Discover how UV inks differ from other formulations and what it takes to print and cure them successfully.
By Bea Purcell
Besides UV energy, UV lamps also emit very bright visible light that could be harmful to the eyes if workers are exposed to it frequently or for long periods. This is why it is important to block light from escaping through the curing-chamber conveyor openings by installing shields.
One other safety issue to keep in mind concerns ozone, which is a very unstable molecule of oxygen. Ozone is generated when an electric discharge passes through air (e.g., lightning) or when oxygen is exposed to high-intensity UV energy. Ozone generated by curing units can lead to respiratory problems for those who work near the curing units, so it's important to make sure that curing units are well vented to evacuate ozone from the work area.
Now that we've explored the mysteries of UV technology, let's clear away the myths that surround it. These myths are widely held beliefs that, upon closer examination, are not grounded in scientific facts or principles and can't be supported by logic or practicality.
When printing multiple colors, undercure the first color to prevent it from becoming overcured when successive colors are cured. Undercured UV ink exhibits adhesion problems. When the ink layer at the bottom is not thoroughly cured, it will remain undercured regardless of how many passes it makes through the curing unit. The problem is that printing another layer of ink on top of the undercured ink will inhibit any more UV energy from penetrating to the ink interface. With undercured ink the possibility of the top layer rewetting the bottom layer is also a concern. Each and every layer of ink must be thoroughly cured.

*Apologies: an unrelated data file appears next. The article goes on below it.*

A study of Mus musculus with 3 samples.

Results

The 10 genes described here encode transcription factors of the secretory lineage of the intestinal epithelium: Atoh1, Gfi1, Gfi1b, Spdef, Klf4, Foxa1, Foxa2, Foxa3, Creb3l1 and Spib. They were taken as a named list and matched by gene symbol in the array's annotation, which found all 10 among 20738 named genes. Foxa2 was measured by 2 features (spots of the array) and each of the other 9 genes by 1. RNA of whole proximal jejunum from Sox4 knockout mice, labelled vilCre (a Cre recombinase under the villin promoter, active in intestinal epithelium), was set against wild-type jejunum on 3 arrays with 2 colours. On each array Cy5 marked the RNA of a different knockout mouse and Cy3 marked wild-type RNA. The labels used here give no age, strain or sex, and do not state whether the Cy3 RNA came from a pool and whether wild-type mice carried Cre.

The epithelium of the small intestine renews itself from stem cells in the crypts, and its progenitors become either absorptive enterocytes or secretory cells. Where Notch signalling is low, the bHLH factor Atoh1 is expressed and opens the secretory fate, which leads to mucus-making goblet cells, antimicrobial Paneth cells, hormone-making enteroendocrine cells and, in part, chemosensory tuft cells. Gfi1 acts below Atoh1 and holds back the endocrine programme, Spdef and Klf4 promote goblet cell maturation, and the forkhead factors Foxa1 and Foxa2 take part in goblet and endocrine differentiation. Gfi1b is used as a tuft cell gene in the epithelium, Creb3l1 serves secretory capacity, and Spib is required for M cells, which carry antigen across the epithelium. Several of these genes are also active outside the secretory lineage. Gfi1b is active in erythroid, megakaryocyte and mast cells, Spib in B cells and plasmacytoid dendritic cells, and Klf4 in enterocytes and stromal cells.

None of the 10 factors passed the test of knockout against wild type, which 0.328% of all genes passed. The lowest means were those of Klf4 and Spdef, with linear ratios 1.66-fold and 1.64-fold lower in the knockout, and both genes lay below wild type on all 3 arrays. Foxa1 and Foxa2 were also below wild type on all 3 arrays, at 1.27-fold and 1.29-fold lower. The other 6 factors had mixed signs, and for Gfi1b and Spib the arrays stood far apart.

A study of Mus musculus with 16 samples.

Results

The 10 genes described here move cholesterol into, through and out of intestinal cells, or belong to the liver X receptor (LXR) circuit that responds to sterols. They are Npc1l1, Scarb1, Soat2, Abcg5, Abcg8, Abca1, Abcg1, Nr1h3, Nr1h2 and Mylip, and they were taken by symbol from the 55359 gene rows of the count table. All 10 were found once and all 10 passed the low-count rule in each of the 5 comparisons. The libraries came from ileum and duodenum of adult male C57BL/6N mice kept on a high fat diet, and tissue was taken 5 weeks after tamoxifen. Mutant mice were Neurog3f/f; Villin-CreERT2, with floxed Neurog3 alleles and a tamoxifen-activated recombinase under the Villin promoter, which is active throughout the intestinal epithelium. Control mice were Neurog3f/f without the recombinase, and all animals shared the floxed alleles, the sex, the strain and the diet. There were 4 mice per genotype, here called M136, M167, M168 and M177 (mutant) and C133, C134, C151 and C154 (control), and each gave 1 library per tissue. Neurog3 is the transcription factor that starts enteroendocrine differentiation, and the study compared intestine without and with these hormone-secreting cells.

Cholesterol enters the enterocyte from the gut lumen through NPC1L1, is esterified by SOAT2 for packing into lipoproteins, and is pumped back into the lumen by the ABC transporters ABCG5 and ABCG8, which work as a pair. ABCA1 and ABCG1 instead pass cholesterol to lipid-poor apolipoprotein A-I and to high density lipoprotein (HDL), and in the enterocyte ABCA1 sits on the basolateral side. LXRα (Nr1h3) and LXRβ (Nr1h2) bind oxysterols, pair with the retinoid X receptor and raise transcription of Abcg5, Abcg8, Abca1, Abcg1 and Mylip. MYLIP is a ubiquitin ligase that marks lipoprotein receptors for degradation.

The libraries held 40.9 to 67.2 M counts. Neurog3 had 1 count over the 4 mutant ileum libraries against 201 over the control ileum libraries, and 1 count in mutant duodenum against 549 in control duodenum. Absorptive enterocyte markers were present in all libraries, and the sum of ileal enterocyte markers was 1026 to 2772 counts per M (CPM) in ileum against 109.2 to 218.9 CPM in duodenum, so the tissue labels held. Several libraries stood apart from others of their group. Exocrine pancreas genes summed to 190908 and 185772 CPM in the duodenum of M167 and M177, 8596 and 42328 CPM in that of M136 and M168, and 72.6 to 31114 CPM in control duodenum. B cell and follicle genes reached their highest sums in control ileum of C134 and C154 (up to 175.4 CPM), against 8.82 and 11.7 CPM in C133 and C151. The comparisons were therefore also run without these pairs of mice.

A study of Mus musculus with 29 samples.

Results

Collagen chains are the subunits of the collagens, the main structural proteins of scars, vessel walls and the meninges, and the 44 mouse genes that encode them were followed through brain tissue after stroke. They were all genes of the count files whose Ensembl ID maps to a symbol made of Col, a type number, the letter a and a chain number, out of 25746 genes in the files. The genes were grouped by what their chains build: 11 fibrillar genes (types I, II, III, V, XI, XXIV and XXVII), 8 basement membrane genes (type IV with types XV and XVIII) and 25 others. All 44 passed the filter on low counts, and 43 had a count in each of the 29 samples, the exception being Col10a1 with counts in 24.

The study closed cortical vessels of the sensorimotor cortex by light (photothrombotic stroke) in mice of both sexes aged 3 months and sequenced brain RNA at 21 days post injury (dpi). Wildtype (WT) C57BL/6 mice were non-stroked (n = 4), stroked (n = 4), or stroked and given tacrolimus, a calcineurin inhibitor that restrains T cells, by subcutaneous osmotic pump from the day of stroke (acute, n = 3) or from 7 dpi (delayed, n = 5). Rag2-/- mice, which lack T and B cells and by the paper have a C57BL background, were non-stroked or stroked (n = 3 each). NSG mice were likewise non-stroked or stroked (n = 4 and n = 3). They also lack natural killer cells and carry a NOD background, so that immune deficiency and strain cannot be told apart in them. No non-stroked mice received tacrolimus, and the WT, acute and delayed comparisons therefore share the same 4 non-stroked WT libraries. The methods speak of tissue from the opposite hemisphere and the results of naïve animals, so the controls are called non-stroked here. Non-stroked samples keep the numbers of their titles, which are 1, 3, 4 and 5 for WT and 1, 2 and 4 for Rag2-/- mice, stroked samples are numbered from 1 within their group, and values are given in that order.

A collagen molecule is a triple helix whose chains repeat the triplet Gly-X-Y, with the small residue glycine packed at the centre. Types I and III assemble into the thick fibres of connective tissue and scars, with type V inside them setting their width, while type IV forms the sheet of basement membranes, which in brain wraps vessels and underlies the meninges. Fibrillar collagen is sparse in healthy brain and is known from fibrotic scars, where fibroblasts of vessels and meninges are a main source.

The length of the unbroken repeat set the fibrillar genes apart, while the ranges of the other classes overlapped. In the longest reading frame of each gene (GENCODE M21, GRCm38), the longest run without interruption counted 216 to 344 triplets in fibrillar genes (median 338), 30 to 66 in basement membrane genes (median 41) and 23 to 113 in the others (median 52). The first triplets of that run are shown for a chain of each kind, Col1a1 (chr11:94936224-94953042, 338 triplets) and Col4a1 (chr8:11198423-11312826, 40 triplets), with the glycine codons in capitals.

Depending on the ink system, certain colors within the system will have the tendency to cure faster than others. By the same token, certain ink systems will cure more slowly than others. Ink-manufacturer recommendations and your own experimentation will help guide you to the proper curing parameters for each ink line and color you use.
The inks should cure properly because my "puck" (radiometer) is showing the correct millijoule reading as recommended by my ink supplier. Radiometers are useful tools in measuring energy output. However, there is no correlation between numbers measured by different radiometers for the same curing unit. Employing the same radiometer to measure various curing units in the same shop is useful only for comparative purposes.